By: Suzanne M. Fletcher, Program Lead for Health Care Reform, VP of Finance and Admin Services
May 15, 2014
This column is part of a continuing educational series about Health Care Reform from Blue Cross of Northeastern Pennsylvania.
Open enrollment for health insurance coverage in 2014 through the Affordable Care Act (ACA) recently ended. The next time consumers can apply for coverage through an open enrollment period will be in November, for coverage that will be effective on January 1, 2015.
There are, however, special circumstances, or “qualifying life events,” that will allow some consumers to enroll in health insurance coverage outside of the open enrollment periods.
You can start shopping for a new ACA plan 60 days before the date of a qualifying life event, such as getting married, having a child or turning 26. Your special enrollment period starts on the date of the event and ends 60 days later.
The federal premium tax credits and cost-share subsidies that are available during open enrollment periods will also be available for qualified consumers during these special enrollment periods. But if you don’t enroll within those 60 days, you’ll need to wait until the next open enrollment period in November.
Let’s take a closer look at some common qualifying life events under the ACA, and what consumers need to do to make sure they are enrolled in coverage.
Common qualifying events
One of the earliest provisions enacted under the ACA allowed dependents to remain on their parent’s health insurance plan up to the age of 26. But when you turn 26, depending on the terms of your policy, you may “age off” your parent’s plan and be required to find your own coverage. If your 26th birthday will occur before the next open enrollment period in November, be sure to check with your parent’s insurer about the terms of their plan.
If you don’t have the option of health insurance through your own employer, you may need to buy your own insurance during a special enrollment period to avoid a gap in coverage. Since this will likely be the first time you’ll have your own insurance, it’s a good idea to visit the Federally Facilitated Marketplace (FFM) – also referred to as “the public exchange” – at www.healthcare.gov before your birthday.
After setting up an account, you can find important information there before you actually purchase coverage … information about the coverage options that are available, what the cost will be and whether or not you qualify for tax credits or subsidies to help cover your costs.
Another common qualifying life event is marriage. If you’re getting married before the next open enrollment period in November, and your future spouse doesn’t have health insurance coverage, you can add them to the coverage you purchased through the FFM up to 60 days after your wedding date. The time before and after a wedding can be hectic, so again, it’s a good idea to start shopping at www.healthcare.gov as soon as possible to see what coverage options are available and what you and your future spouse can fit into your budget.
Similarly, you can add a new baby, an adopted child or a foster child as a dependent to your coverage up to 60 days from the date the child joined your family.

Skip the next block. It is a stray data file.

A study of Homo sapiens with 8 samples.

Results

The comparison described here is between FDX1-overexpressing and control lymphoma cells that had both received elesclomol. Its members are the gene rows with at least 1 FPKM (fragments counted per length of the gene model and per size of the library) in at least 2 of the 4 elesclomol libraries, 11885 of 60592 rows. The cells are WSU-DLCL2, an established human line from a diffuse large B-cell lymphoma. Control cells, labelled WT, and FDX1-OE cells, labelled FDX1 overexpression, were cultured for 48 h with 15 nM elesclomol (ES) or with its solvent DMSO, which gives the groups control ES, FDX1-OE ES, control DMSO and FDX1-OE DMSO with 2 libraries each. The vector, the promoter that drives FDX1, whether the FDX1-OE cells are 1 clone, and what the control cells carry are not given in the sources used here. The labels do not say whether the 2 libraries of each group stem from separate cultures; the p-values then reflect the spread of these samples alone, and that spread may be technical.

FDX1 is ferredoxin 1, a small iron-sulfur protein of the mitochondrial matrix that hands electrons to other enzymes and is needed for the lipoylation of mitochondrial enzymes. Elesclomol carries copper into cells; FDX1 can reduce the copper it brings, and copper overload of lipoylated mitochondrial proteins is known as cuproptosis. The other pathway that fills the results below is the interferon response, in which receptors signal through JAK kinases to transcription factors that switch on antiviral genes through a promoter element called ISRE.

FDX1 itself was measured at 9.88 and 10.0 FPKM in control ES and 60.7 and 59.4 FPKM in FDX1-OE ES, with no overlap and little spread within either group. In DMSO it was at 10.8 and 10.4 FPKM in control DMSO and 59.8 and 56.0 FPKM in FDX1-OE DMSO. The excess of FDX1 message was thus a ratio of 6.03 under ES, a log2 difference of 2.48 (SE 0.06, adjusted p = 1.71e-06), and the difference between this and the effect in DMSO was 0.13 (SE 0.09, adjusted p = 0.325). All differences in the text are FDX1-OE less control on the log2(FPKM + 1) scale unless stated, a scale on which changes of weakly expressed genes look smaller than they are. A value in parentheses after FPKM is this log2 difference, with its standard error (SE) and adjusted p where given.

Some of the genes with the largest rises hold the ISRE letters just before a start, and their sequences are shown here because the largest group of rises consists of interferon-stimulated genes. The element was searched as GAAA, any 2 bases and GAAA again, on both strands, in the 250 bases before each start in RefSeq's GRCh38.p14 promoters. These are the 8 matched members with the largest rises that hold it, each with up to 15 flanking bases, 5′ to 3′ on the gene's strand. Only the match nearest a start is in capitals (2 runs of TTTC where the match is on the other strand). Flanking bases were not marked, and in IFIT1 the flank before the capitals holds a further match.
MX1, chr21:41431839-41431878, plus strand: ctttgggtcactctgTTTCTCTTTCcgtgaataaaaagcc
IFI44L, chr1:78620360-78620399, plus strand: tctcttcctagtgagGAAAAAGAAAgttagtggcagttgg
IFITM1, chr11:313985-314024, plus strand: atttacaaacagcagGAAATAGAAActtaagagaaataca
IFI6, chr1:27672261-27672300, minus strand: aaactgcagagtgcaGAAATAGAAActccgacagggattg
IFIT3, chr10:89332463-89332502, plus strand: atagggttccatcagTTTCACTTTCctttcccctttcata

Not all qualifying life events may be happy occasions. For example, if you lose your job or have a death in the family and your health insurance coverage is affected, you can enroll in new coverage on the FFM within 60 days.
Some of the events mentioned above may necessitate a move to a new state, or to a new location where different insurers are offering coverage. In Pennsylvania, for example, the insurers offering coverage in the western part of the state differ from those offering coverage in the eastern part of the state.
Making this type of move is considered a qualifying life event under the ACA, and you can enroll in new coverage on the FFM – or on a state exchange if the state you are moving to offers one – up to 60 days following the date of your move.
Additional special enrollment periods
If you are currently enrolled in a plan that started before January 1, 2014 and you lose qualifying coverage sometime this year, you will have a special enrollment period to sign up for new coverage. This special enrollment period generally runs from 60 days before your plan ends to 60 days after your plan ends.
To make sure that you don’t have a gap in coverage, you must enroll in a new plan by the fifteenth day of the last month of your current plan’s coverage. For example, if your current coverage ends on June 30, you must enroll by June 15 when enrolling on the FFM for your new coverage to begin on July 1.
It’s important to remember that if you don’t enroll in coverage during the special enrollment period for a qualifying life event like the ones mentioned above, you won’t be covered for the rest of the year. The ACA requires that most people have health insurance, and if you’re not covered, you may have to pay a penalty.
There are so many good reasons to have health insurance, such as having peace of mind if you get sick or have an accident, accessing the preventive services and screenings that are covered, and possibly getting help paying for your coverage and out-of-pocket expenses. We’ll discuss why it’s important for everyone to have health insurance in more detail in our next column.
In the meantime, you can always find more information about qualifying life events, special enrollment periods, tax credits and subsidies on Blue Cross of Northeastern Pennsylvania’s website at https://store.bcnepa.com/learn.